Wednesday, April 09, 2008
Blue Like Jazz
This is a book that has been on my radar to read for a few years. When we were at Discovery, a group got together and read the book and discussed the chapters and stories. However, due to a schedule conflict, I could not participate.
The book however has been on my shelf for all this time. Donald Miller is the writer and I really enjoy his writing and I like to listen to him speak. Thus, it was time to pull it down from the bookshelf and read it.
I was prompted to bring this one down and read it after I was listening to Thousand Foot Krutch. The reason that I was reminded of this book is because as I was listening t their album, I remembered that Amy did an interview with them and they mentioned tat their album title came from the book. Here is a snipit from the interview:
Reaching across the divide isn’t always easy, but Thousand Foot Krutch seeks commonality, not division with others, which is evident in their latest album. The Flame In All of Us is a call for humanity to come together to discover the unifying threads that make us human.
The album title is pulled from the pages of Donald Miller’s popular book Blue Like Jazz according to McNevan who elaborates saying, “No matter what we believe, where we grew up, what our nationalities are—all those things that divide us—at some point in our lives well all have the questions—Who am I? Why am I here?”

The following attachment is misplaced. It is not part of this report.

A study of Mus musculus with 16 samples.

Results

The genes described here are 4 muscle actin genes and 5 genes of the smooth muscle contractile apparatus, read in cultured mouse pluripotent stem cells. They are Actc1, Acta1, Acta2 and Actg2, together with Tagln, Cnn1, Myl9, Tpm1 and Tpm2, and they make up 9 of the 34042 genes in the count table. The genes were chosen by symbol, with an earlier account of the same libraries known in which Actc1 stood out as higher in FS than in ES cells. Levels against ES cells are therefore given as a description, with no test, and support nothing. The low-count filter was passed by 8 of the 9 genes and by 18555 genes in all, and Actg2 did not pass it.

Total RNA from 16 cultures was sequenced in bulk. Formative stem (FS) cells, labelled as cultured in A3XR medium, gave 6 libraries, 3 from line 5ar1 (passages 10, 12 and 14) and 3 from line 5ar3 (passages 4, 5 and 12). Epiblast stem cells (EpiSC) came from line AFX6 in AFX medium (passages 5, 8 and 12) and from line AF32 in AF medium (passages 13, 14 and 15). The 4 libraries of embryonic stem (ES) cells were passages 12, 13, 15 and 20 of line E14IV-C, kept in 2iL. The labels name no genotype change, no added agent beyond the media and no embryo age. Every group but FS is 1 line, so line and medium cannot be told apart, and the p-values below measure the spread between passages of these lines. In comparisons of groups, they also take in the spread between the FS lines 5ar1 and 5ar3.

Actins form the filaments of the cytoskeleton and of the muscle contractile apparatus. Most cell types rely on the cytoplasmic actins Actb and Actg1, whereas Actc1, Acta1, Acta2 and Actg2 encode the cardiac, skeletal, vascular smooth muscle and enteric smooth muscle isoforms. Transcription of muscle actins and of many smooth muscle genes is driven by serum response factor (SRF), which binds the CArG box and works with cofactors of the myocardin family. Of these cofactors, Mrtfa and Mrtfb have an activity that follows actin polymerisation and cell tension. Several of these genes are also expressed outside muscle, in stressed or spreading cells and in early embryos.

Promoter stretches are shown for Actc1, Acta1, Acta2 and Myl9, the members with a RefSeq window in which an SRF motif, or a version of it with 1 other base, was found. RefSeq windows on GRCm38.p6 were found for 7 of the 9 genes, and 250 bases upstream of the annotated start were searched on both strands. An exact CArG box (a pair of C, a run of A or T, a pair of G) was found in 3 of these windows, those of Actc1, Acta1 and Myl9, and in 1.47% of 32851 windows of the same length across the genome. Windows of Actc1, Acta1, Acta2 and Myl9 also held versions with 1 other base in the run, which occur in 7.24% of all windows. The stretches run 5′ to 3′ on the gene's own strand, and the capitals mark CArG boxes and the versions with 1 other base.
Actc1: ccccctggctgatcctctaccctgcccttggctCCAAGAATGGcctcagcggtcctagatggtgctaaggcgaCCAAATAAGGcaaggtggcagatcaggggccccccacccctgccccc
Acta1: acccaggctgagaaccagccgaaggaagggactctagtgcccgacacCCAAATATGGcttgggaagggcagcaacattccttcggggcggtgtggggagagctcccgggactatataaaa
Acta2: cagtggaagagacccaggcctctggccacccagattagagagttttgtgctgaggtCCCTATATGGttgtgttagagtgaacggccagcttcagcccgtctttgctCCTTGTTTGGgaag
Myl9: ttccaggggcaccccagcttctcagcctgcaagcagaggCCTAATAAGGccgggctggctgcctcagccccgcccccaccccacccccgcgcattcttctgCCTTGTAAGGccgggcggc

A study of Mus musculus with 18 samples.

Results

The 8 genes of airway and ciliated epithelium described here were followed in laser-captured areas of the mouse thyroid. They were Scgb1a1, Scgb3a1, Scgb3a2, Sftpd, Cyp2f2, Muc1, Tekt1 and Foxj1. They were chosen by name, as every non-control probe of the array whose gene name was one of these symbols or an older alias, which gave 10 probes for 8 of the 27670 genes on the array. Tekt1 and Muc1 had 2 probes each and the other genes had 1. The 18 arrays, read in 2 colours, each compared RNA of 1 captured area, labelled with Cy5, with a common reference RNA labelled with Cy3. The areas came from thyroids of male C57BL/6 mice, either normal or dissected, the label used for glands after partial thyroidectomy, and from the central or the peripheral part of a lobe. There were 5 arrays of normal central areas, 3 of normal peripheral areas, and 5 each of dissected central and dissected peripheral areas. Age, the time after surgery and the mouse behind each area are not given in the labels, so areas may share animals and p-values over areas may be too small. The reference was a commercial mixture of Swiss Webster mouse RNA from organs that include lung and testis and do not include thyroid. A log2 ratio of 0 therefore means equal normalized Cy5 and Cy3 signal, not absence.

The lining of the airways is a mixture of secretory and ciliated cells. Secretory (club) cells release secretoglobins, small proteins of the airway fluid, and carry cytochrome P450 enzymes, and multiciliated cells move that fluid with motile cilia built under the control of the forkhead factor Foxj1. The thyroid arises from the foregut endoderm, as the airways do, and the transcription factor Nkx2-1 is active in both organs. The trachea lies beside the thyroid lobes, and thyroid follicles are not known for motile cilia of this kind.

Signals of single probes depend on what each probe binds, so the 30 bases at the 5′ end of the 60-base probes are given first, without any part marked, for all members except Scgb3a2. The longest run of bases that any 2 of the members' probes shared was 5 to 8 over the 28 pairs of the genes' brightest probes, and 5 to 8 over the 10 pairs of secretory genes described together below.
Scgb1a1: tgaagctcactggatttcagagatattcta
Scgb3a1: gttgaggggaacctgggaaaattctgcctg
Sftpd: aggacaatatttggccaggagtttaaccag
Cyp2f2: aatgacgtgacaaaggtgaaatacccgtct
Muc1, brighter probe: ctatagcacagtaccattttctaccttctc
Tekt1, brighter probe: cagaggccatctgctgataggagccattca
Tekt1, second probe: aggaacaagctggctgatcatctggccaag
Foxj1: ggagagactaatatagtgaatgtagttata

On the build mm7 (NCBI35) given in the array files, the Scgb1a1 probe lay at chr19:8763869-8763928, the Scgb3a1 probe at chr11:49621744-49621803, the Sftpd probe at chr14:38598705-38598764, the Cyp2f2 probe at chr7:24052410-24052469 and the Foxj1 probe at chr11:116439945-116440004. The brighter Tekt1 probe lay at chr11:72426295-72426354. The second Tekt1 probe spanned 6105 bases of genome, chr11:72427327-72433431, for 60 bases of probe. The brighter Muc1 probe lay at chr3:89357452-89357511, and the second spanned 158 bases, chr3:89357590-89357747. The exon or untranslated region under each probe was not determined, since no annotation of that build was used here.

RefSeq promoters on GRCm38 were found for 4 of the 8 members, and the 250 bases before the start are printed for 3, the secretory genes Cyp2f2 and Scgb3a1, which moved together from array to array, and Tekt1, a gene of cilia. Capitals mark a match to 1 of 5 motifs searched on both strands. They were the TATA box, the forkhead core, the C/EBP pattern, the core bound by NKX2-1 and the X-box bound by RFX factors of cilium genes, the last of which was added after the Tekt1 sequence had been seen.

It’s exactly those questions that Thousand Foot Krutch seeks to explore in the album’s title track, “The Flame In All of Us”, an upbeat melodic song. The album ranges in style from rock to alternative to the heavier sound for which the band is known. Perhaps the most poignant aspect of the album as a whole is McNevan’s ability to rail through struggles while always pointing to hope. “We don’t always have great days. We sometimes have really bad days,” he humbly admits. “To be this shiny, happy Christian all the time—that’s not me and that’s not a lot of people I know. I feel being realistic about it is more honest.”
This book was good. It was not great. He shares 20 chapters (stories) and they are "easy" reads. There were stories that resonated with me more than others. But the thing that I thoroughly enjoy about Donald is that he tells stories and through the stories, you are able to grab a hold of Christianity Spirituality.
My favorite story (I think) that he tells in the book (which I had heard before) was the confessional booth story. They set up a confessional booth in the midst of the biggest party at the college. They were in the booth confessing to the students for the "screw-ups" that Christianity has made over the years.
I think that David Allen from HM Magazine sums up this book greatly, when he says, "Donald Miller has achieved what every Christian writer toils and types for: spiritual relevancy. He has completely revealed himself in his latest effort. Laced with off-guard humor, biting insights, and to-the-point summaries, Blue like jazz is a thought provoking journey toward a God who's not only real but reachable."